In studying pastoral care we talk about the power of narrative in making sense of the human experience. At any given point our senses perceive millions of actions all taking place in the span of a mere moment. In order to understand who we are in the midst of this chaos, we tell ourselves stories. These stories can serve to help us make sense of deeply traumatic events and find peace or mire us in our feelings of disappointment, loss, or sadness.
“I am a fighter; I always have been,” one woman told me as we discussed some painful events of her childhood. Her narrative is one of survival and strength. She makes sense of what has happened to her by understanding herself through this lens.
Stories are incredibly powerful. I will always love studying literature because it is one of the only mediums that has the power to transcend the boundaries of individual human experience. Stories create a place of mutual empathy with the other. With creative words and descriptive images, we are drawn into the lives of those whom we might not otherwise know.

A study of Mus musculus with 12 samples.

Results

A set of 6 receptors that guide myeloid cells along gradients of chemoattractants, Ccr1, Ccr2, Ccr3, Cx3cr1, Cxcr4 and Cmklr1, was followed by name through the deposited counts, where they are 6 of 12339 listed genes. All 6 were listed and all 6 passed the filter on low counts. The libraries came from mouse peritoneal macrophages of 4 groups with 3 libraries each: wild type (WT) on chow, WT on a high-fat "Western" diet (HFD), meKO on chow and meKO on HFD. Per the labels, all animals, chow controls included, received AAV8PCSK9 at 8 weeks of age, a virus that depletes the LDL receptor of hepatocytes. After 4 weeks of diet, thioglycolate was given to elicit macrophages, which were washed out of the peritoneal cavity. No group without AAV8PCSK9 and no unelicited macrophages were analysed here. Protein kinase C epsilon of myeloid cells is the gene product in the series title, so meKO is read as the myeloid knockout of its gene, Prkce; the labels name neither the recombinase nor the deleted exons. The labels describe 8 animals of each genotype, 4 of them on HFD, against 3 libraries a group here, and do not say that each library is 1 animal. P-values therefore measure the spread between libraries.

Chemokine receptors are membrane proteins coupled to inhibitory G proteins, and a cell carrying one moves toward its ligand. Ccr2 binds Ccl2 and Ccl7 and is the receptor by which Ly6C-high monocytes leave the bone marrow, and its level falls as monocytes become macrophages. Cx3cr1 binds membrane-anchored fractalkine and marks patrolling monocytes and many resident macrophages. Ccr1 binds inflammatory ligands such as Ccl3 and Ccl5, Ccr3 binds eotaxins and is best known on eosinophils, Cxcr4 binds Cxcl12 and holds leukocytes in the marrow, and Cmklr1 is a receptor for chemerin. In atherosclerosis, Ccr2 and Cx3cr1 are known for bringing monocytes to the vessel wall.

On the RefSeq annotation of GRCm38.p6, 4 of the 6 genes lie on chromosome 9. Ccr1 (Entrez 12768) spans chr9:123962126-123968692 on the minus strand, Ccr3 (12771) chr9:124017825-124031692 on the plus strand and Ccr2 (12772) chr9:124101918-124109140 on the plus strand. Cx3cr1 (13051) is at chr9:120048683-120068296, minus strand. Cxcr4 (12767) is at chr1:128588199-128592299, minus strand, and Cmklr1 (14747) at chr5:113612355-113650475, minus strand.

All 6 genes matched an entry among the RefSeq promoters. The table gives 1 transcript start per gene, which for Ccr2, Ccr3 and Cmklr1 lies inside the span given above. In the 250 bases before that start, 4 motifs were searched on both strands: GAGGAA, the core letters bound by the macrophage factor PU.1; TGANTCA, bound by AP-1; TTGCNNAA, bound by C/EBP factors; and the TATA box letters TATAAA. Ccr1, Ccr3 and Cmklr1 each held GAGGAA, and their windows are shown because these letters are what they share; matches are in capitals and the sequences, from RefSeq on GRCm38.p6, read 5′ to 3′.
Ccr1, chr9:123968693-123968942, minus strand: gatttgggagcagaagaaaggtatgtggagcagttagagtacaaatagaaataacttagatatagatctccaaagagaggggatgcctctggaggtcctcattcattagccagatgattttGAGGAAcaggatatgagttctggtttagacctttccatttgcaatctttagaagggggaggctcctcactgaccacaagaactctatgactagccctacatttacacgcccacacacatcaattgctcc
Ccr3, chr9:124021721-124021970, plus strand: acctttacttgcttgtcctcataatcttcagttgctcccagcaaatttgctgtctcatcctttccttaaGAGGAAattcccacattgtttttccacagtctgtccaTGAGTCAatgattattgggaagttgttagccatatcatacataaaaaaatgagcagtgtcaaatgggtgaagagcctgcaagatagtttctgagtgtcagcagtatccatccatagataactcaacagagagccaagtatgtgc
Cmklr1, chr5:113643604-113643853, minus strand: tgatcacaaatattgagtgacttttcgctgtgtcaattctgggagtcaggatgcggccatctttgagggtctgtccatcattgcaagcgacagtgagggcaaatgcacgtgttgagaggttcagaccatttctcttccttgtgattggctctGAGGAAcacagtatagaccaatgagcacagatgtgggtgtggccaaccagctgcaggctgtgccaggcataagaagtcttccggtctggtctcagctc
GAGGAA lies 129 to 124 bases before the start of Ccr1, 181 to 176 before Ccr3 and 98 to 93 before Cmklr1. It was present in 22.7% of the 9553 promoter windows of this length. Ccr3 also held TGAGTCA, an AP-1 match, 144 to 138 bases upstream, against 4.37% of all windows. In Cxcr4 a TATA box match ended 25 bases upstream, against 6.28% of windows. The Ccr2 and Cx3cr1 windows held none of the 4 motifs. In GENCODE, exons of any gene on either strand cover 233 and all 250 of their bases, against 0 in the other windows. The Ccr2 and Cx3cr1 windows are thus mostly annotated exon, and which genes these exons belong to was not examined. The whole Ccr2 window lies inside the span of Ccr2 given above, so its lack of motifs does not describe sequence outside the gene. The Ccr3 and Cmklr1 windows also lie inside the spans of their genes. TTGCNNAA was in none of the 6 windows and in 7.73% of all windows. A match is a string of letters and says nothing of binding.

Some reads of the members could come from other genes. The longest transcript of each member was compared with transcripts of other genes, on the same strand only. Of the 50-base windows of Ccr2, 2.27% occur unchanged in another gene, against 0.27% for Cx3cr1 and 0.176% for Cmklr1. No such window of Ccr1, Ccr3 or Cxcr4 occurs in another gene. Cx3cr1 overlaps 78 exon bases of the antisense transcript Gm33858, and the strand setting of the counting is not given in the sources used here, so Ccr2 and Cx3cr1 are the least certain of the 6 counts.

As another semester of school saunters to a close, I brace myself for all of the new characters I will meet in the upcoming chapter of my story. This January I am moving to Oxford, England to be with my fiancé, Brian, and participate in a ministerial training program at a hospital. I will be spending 400 hours practicing and learning about pastoral care in a clinical setting. There is much to look forward to and much writing to be done.
Dear friends, I conclude this first entry by reiterating the Tennyson quote that frames not only this blog but also my life: I am a part of all that I have met. As I seek to make sense of the unraveled world whose margin fades forever and forever as I move, I cherish those all too brief encounters with the places, people, and events that deeply inform who I am. They are my story, my self, and my life. Welcome.